How about this for an audition description:
"Be prepared to showcase your best skills on one or more of the following apparatus: fast track, tumbling, high bar, parallel bars, rings, uneven bars and trampoline."
That's not a typical job.
But that's what it takes to be one of the more than 1,000 performers who put on the 20 or so shows worldwide of the Canadian-entertainment giant Cirque du Soleil.
And on Sept. 17, in Henderson, Nevada, Cirque is looking for more athletes. Not just any athletes, mind you.
"You don't have to be a perfect performer. You don't have to be a champion to be success in Cirque," said Mireille Goyette, who is a trainer and performer in "Quidam," which hit Hartford, Conn., this week. "But you have to show flexibility, strength and a good personality. This definitely is an athletic competition. That's how we view our acrobats."
Based in Montreal, Cirque was founded in 1984 by two former street performers, Guy Laliberté and Daniel Gauthier. Each show is a synthesis of circus styles with its own theme and storyline. With traveling shows and stationary shows in various cities, Cirque brings in more than $850 million a year.
And former college and professional athletes are a good number of performers in each show. In fact, more than 20 former Olympians are working throughout the world. In the stationary show of "O" in Las Vegas, there are about 10 Olympians performing. Suzannah Bianco, who won a gold medal in synchronized swimming at the 1996 Atlanta Olympics and was a four-time U.S. champion, joined "O" in 1997.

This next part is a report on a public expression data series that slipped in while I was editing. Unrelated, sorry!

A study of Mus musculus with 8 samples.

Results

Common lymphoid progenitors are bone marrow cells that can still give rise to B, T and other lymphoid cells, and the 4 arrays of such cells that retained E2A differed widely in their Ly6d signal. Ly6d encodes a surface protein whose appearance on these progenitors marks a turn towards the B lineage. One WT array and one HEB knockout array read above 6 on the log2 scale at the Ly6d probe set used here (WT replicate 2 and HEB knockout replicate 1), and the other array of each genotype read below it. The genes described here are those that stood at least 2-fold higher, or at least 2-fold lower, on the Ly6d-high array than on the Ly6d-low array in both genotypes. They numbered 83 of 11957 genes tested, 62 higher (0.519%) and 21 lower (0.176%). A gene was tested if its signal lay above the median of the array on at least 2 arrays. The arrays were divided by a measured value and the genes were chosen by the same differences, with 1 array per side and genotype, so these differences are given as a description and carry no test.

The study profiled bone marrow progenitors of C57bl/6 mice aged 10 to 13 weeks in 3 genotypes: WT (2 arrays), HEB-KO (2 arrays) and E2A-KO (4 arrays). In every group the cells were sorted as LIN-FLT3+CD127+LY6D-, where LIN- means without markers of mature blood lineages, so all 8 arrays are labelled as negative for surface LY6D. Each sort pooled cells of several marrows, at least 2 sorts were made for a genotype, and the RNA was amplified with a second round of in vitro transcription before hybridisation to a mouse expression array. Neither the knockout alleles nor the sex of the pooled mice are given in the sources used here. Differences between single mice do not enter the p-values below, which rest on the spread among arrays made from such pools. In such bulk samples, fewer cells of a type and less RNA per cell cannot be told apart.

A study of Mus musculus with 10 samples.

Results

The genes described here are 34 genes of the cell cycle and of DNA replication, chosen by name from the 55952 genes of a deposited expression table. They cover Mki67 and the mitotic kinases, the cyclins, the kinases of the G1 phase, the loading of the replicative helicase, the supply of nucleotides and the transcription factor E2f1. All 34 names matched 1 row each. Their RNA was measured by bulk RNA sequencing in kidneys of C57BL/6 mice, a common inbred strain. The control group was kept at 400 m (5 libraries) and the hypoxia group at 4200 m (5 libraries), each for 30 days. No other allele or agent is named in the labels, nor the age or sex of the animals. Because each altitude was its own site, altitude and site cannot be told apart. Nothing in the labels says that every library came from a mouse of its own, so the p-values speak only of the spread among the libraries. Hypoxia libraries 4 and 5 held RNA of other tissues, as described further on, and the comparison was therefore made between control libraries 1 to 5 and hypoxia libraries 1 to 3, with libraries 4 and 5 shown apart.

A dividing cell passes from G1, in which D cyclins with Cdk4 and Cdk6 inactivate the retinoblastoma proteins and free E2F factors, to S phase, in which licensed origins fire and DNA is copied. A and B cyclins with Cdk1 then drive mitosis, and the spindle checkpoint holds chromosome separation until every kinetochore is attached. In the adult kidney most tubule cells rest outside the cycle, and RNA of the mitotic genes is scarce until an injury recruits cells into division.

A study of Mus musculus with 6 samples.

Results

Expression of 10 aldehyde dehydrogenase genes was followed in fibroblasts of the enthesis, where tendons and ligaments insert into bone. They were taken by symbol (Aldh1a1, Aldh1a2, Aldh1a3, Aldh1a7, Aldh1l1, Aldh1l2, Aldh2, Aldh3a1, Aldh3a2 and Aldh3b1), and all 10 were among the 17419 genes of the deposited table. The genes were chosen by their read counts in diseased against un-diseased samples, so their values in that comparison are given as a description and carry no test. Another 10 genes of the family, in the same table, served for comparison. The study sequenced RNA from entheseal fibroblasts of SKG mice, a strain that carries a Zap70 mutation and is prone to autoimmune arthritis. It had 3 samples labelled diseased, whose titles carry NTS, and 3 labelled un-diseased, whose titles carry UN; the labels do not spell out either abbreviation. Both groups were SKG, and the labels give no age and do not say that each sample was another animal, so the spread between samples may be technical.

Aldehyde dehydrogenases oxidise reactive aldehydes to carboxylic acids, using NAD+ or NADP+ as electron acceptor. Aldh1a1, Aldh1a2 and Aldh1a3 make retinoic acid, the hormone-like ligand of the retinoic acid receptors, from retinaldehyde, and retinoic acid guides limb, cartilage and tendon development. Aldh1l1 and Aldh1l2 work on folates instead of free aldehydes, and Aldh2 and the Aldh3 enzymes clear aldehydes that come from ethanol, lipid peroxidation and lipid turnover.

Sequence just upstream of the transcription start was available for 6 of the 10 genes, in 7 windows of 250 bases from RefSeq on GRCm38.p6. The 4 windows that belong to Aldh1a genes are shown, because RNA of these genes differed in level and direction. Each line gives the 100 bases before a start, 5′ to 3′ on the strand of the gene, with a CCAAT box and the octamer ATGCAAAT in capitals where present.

In Hartford, "Quidam" stormed into town with 52 performers from 18 countries. And there were a handful of national champions and Olympians.
"My experience here has been excellent! I have been here for five years now and loved every second of it," said Lisa Skinner, who represented Australia in gymnastics in the Olympics Games of 1996, 2000 and 2004. "They have [talent] scouts that go to our competitions and they've asked me to join a couple of times. I said, 'Yeah, let's see what this could be like.'"
It's not all about what athletes have done in the past.
"We work really hard to showcase the show and not the individuals," said Jessica LeBoeuf, who has been a Cirque publicist for 10 years. "It's all about a team here. We have national champions and Olympians. But they must come together and work as a team."